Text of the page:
Sweden is widely known for its progressive political stance regarding the LGBTQ (Lesbian, Gay, Bisexual, Transsexual and Queer) community, with the highlight being decriminalising homosexual relationships in 1944. PONTSHO PILANE attended Stockholm Pride Week, which hosts the largest pride march in Europe and asked participants and onlookers why they support the march.
Annika Norgard, 42, clerk
My 15-year old daughter recently came out as lesbian and she will be taking part in the march. As a mother, I am here to support her decision to be with whomever she chooses. I am attending the march to show her that I support and love her regardless of her sexual orientation. The Pride march is a big event here in Stockholm and you have to be very ignorant to miss it. This year is particularly important because of my daughter. Stockholm is a very accepting city, so I am not worried that she will be discriminated against. The countryside is something else though; there is still a lot of hatred for the LGBTQ community, but sooner or later they will have to catch up.
Stella Holden, 21, personal assistant
So many people are participating and have come out to watch the march. This shows that there is a lot of acceptance for the LGBTQ community, although rights for trans people still need to fought for. I take part in the march in support of trans people and their rights because even if it doesn’t seem like change is coming, it is. I have been attending Pride for about 10 years now and each year it gets better and more people are supporting it. As a lesbian, I feel safe and accepted in Stockholm but I do understand that I am privileged. That is why it is important for me to stand in solidarity with trans people until they are also considered equal.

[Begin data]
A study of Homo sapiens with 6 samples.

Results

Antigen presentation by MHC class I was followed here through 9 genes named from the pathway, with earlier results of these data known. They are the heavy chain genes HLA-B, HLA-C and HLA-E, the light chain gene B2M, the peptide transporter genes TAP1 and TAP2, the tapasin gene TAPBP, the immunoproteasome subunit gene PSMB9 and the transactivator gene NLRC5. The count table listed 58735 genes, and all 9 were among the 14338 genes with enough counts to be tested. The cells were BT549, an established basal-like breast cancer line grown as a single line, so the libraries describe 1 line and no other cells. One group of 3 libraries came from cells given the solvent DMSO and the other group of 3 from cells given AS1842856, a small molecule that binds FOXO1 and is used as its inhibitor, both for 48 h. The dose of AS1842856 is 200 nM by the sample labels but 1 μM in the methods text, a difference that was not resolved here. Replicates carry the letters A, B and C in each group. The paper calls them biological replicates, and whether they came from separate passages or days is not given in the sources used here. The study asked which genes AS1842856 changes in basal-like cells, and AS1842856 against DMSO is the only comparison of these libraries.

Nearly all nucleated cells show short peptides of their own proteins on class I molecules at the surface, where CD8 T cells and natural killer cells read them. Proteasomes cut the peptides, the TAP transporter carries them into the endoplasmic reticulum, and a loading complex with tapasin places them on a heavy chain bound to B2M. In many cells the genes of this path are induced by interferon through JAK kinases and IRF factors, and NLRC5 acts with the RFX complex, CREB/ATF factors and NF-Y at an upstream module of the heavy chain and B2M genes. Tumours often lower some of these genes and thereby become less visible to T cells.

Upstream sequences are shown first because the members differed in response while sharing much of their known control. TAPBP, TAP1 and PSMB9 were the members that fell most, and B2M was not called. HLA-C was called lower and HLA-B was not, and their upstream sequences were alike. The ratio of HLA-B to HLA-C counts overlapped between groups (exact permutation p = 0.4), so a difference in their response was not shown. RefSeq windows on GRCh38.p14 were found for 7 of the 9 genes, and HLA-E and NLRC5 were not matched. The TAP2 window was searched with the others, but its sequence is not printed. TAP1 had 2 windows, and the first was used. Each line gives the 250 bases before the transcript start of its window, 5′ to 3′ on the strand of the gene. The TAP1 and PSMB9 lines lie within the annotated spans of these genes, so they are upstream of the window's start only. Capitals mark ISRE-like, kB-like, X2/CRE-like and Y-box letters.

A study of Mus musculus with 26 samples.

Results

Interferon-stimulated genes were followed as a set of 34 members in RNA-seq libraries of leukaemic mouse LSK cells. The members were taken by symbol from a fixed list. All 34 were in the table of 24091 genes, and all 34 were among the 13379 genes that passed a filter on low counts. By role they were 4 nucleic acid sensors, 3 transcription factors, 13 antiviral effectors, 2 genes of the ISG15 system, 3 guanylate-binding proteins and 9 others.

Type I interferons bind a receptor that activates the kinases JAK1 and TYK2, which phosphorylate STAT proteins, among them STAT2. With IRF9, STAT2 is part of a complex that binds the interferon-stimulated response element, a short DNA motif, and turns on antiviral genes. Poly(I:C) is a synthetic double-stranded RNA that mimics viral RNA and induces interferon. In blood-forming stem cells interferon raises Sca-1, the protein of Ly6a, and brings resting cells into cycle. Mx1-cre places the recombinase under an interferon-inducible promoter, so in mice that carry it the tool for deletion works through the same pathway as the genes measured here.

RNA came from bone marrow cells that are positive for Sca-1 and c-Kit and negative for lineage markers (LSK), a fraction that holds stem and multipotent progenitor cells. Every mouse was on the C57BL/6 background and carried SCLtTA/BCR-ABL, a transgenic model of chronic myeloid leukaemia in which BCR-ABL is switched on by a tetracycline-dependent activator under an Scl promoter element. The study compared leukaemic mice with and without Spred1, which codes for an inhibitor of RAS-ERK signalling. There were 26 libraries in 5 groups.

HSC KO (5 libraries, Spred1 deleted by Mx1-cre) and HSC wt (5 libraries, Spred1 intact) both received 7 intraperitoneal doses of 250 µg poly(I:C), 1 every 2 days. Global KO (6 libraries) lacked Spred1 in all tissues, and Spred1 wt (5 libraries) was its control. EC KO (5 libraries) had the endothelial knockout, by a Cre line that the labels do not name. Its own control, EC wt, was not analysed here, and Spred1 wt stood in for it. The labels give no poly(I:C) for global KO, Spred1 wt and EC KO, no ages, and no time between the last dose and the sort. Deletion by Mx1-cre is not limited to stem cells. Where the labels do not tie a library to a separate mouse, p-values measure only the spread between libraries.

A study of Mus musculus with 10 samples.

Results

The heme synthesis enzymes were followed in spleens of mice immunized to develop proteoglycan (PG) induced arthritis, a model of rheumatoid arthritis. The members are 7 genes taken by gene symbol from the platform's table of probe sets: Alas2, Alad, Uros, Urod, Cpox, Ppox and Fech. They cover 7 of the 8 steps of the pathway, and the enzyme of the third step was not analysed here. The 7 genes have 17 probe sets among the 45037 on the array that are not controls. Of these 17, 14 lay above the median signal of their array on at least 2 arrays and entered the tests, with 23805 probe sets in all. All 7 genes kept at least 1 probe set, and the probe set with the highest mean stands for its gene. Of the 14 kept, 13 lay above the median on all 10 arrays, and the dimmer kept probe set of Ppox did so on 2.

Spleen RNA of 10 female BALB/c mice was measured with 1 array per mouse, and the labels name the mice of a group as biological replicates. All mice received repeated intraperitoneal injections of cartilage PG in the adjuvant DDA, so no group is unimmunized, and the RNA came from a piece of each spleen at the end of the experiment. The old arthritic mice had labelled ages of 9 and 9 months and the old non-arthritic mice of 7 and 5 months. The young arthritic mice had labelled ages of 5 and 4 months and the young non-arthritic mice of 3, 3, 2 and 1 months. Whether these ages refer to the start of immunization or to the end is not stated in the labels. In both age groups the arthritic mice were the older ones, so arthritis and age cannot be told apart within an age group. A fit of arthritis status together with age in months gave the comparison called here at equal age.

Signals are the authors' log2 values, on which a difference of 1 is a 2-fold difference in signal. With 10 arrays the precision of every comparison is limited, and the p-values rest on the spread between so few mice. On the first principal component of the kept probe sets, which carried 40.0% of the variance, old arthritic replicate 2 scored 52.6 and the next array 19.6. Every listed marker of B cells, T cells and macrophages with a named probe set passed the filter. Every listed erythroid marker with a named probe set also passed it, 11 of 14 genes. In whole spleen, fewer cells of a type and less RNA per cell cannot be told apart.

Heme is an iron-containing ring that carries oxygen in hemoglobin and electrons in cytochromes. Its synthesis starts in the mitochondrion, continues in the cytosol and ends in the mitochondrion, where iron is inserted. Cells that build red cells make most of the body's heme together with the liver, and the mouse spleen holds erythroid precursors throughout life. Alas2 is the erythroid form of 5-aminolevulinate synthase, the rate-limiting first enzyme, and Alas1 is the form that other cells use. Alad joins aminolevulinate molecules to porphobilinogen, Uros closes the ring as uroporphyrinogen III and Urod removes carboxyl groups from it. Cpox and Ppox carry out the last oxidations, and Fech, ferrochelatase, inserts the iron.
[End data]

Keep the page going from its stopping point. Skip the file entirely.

I do not have any pretentious reasons [for supporting the march], I just love when people are free to express themselves in such a big group – this is the epitome of freedom. I don’t believe that there is such a thing as enough rights for anyone – norms in our society hinder our freedom in some way or the other. What I want to change about Pride is that people should show support for the LGBTQ community all the time and not just during this week. Beyond Pride Week, people are not as welcoming and accepting – it is like you can be who you want just as long as you do not tell everyone you are gay. There is still so much to be done in Stockholm; being heterosexual is still considered the norm and in many circles only two genders exist.
Hilda Völken, 19, waitress
Pride is so much fun. I don’t understand why someone would not want to take part in it. There is so much happiness and unity and anyone can be whoever they want to be without fear of being judged. Although Stockholm is such a progressive society, not everyone is accepting. There are certain circles where one would not be completely accepted and that is where I think more work needs to be done. The fact that we even know that not all places are accepting shows that more work needs to be done for everyone to be included.
Henrik Thorstensson, 36, social worker
One of the important reasons [for marching] is [to] celebrate love and the privilege of being able to live in Stockholm which is so open to many members of the LGBTQ community. Pride is a place where people get to be unapologetic about who they are and I love that. It should not be a burden to love someone – no matter their gender.